There won’t be enough copper to meet climate goals, study indicates

Don’t let copper’s latest rout fool you: Supply shortages will be so severe and prices so high in coming years that they risk delaying the global shift away from fossil fuels.

That’s the conclusion of a new S&P Global study that warns of “unprecedented and untenable” copper shortfalls in the coming decade as suppliers grapple with a near doubling of demand by 2035. Prices that fell below $7,500 a metric ton this week are set to soar back above their $10,845 peak later this decade, driven by the metal’s key role in the clean-energy and transport industries, S&P Global said.

“Either supply miraculously appears or the goal of energy transition just gets pushed out further,” said S&P Global Vice Chairman Dan Yergin.

The bullish findings are a long way from the slowdown of recent months, when copper lost a third of its value from a March peak. Analysts from Goldman Sachs Group Inc. to Bank of America Corp. have slashed their near-term forecasts in anticipation of a drop in consumer spending and industrial activity. New supply coming online in Peru and the Congo has added to the bearish sentiment.

Longer term, though, the equation changes. Demand is set to reach around 50 million tons by 2035 from 25 million today, the S&P Global study found. With new deposits trickier and pricier to find and develop, the main sources of new supply would come from recycling and gains at existing mines.

Based on current trends, an annual supply shortfall of almost 10 million tons would open up in 2035, the study found. That’s equivalent to 20% of demand projected to be required for a 2050 net-zero world. Even assuming aggressive growth in capacity utilization and all-time high recycling rates, the market would still face persistent deficits, including nearly 1.6 million tons in 2035, it said.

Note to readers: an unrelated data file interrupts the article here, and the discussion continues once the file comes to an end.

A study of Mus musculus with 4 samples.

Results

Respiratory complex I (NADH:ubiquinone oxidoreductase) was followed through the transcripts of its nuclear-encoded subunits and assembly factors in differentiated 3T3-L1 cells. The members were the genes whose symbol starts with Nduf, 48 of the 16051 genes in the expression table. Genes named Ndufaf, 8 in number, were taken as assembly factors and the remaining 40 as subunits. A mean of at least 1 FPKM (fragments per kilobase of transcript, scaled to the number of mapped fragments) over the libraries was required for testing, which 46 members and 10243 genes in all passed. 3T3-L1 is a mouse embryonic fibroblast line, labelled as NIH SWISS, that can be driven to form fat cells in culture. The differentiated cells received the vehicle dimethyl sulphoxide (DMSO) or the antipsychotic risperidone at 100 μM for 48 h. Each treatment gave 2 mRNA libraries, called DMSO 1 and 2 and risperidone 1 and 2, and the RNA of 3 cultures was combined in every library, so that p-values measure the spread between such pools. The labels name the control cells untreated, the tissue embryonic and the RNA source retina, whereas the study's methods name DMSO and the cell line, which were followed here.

The S&P research was commissioned in response to concerns raised by governments and multilateral agencies over minerals needed to meet climate goals, and was supported by copper producers including Anglo American Plc and BHP Group. It found that the burgeoning supply gap would increase the US’s reliance on copper imports from 44% to as much as 67% by 2035. 

To be sure, big deficits are hypothetical, with higher prices potentially boosting supply or curbing demand. That’s the view of McKinsey & Co.’s Ken Hoffman, who sees high prices flushing out more supply via efficiencies at existing mines and increased scrap activities, as well as a push to reduce metal usage in new energy industries. 

There may also be more pricing flexibility than anticipated in electric-vehicle demand, Hoffman, the co-head of McKinsey’s EV battery materials research group, said in an interview. “The cure for high prices is high prices,” he said. “Markets tend to adjust.”